Conservative group debuts new $1.5 million ad campaign targeting Kay Hagan
11/20/2013 11:57 AM
11/20/2013 11:57 AM
UPDATED: A woman talking directly to the camera saying “Obamacare doesn’t work – it just doesn’t work” is the focus of the latest political TV advertisement hitting U.S. Sen. Kay Hagan in North Carolina.
Americans for Prosperity debuted the new ad Wednesday, saying it is spending $1.5 million to air it statewide for three weeks. (See it below.) It’s part of a $4 million national campaign against vulnerable Democrats.
Less than a month ago, the conservative group – aligned with tea partiers and funded by the Koch brothers – spent $1.7 million on a TV ad criticizing Hagan’s support for the federal health care law.
But unlike the previous shot, which featured ominous announcers and bold graphics, the new 30-second ad offers a direct, personal touch. It paints the problems with the health care law in personal terms instead of political. “ObamaCare is a policy failure, not a political problem,” said Chris Marie Farr, AFP’s acting state director. “In recent days, Senator Hagan has asked that Congress launch a probe into the failures of the Healthcare.gov site launch. What she should have done was launch an investigation into whether or not people would have their insurance plans canceled before she ever voted for this disastrous law.”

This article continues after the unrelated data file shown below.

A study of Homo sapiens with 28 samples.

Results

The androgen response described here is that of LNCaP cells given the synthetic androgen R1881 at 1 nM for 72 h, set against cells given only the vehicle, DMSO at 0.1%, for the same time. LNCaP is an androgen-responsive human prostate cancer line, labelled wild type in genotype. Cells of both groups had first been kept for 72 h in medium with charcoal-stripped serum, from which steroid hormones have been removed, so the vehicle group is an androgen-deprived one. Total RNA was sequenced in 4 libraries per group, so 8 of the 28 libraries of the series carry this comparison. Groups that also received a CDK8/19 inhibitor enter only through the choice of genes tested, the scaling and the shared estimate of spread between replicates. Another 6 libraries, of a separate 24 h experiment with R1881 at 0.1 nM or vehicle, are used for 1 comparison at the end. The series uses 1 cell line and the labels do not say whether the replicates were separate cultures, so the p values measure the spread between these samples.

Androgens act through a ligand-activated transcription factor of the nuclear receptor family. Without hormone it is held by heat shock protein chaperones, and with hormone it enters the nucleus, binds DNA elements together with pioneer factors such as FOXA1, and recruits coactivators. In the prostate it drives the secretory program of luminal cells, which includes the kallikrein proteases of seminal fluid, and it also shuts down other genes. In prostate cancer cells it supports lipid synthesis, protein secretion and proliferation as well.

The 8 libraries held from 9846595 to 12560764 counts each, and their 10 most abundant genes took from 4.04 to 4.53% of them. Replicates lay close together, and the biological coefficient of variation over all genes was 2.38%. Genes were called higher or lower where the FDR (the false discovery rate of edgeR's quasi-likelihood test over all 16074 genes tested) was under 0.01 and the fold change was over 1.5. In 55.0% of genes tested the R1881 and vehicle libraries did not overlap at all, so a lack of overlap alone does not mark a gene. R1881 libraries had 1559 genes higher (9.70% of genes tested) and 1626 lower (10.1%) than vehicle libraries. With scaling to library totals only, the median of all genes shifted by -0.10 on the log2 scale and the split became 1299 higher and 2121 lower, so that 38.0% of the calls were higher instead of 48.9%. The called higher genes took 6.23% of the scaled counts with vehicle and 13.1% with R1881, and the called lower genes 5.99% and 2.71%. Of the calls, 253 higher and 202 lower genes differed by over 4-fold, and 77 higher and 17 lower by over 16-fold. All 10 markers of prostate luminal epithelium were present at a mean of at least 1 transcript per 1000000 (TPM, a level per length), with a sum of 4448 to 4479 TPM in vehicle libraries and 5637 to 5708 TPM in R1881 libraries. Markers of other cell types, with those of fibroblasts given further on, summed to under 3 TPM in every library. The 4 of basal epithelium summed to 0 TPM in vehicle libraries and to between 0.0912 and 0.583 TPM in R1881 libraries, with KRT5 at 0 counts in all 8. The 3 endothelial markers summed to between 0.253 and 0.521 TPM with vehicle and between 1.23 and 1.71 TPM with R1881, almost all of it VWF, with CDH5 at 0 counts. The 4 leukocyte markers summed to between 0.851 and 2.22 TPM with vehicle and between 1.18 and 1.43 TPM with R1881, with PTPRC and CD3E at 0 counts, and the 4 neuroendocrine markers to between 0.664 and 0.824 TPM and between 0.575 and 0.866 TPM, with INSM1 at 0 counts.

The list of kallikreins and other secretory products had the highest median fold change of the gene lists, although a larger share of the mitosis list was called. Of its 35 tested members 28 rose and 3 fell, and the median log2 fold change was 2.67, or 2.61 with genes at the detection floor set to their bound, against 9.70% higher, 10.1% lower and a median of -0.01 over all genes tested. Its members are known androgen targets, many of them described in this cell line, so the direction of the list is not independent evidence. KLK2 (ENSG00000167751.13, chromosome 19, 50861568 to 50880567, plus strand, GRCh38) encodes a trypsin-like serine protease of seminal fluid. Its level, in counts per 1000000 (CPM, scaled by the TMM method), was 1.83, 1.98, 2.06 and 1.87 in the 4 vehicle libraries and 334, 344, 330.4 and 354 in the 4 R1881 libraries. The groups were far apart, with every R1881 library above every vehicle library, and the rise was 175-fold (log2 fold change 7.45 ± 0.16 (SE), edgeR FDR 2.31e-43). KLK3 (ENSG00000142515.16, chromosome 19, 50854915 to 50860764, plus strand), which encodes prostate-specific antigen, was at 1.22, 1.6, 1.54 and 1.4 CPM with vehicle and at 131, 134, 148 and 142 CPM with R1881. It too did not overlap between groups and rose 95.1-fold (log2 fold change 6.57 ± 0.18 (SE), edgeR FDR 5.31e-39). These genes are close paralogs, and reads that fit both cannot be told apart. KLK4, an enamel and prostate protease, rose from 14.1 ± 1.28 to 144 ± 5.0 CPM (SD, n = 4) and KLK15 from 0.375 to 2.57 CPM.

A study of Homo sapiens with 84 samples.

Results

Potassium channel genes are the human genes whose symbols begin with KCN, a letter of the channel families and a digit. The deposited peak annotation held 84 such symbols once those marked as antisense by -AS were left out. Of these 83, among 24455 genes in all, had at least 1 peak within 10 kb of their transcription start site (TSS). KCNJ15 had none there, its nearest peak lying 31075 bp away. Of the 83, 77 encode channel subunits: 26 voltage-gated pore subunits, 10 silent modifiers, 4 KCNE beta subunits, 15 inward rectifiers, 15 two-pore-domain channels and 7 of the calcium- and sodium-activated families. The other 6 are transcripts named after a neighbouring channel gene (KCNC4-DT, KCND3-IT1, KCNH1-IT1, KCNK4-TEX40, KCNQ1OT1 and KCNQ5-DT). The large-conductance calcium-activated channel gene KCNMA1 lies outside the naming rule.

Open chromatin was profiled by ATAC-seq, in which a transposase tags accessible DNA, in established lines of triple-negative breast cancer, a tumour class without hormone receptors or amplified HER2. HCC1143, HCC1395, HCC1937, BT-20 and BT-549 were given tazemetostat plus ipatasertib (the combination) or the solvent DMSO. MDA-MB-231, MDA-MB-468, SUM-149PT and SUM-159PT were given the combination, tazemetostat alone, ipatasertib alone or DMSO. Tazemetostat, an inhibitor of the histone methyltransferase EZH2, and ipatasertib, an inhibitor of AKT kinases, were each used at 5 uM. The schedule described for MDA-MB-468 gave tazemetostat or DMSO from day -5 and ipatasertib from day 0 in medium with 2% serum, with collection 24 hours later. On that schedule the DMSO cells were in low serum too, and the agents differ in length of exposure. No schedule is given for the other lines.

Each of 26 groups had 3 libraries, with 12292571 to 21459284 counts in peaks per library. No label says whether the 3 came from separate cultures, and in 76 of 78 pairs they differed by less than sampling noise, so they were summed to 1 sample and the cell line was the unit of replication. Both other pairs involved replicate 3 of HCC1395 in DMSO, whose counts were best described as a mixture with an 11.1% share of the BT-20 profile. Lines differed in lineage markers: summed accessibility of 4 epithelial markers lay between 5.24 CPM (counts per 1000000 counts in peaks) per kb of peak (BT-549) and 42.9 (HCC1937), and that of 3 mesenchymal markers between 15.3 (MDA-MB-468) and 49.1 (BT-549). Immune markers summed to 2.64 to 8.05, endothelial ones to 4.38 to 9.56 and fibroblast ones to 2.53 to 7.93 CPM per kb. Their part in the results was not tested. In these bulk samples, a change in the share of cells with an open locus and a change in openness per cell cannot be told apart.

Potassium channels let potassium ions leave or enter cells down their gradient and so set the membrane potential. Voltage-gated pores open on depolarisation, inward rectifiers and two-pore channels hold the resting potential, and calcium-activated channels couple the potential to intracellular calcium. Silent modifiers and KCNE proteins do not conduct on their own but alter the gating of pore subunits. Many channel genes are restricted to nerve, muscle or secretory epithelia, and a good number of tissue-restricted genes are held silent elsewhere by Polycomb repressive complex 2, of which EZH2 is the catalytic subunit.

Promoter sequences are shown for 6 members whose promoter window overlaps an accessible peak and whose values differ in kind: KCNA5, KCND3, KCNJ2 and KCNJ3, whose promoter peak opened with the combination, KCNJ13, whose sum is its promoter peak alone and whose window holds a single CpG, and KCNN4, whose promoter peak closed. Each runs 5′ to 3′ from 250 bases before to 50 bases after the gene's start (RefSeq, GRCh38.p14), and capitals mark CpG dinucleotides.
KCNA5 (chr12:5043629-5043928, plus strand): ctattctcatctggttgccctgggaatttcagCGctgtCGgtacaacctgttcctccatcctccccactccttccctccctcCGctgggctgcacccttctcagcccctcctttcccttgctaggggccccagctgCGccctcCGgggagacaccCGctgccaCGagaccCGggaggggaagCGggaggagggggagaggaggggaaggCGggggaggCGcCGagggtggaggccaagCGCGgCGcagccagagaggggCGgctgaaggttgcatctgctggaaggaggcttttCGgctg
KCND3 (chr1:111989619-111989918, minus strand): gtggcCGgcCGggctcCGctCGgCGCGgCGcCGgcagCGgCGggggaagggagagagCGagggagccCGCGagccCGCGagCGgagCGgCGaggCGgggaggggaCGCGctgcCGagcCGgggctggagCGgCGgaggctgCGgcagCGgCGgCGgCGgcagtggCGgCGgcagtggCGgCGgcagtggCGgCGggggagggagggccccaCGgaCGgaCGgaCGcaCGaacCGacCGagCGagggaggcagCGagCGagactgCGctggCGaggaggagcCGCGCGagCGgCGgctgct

The woman talking to the camera starts by saying she doesn’t like political ads and then lists some broad stroke reasons why the health care law is hurting some people. The kicker: “Tell Sen. Hagan to stop thinking about politics and start thinking about people.”
What the ad lacks is context. It doesn’t put in perspective the problems saying “millions” are losing their insurance and paying less. Those numbers are far too large to describe North Carolina’s situation, where roughly 475,000 were told they couldn’t keep their current insurance plan.
Hagan’s camp called it a baseless attack. The Democrat incumbent has condemned the outside spending in the race. "The outside, secretly funded special interest groups like Karl Rove and the Koch brothers of the world are trying to take me down," Hagan said Friday, specifically mentioning Americans for Prosperity.
*The total cost for the ad campaign has been updated. A previous figure provided by Americans for Prosperity was incorrect.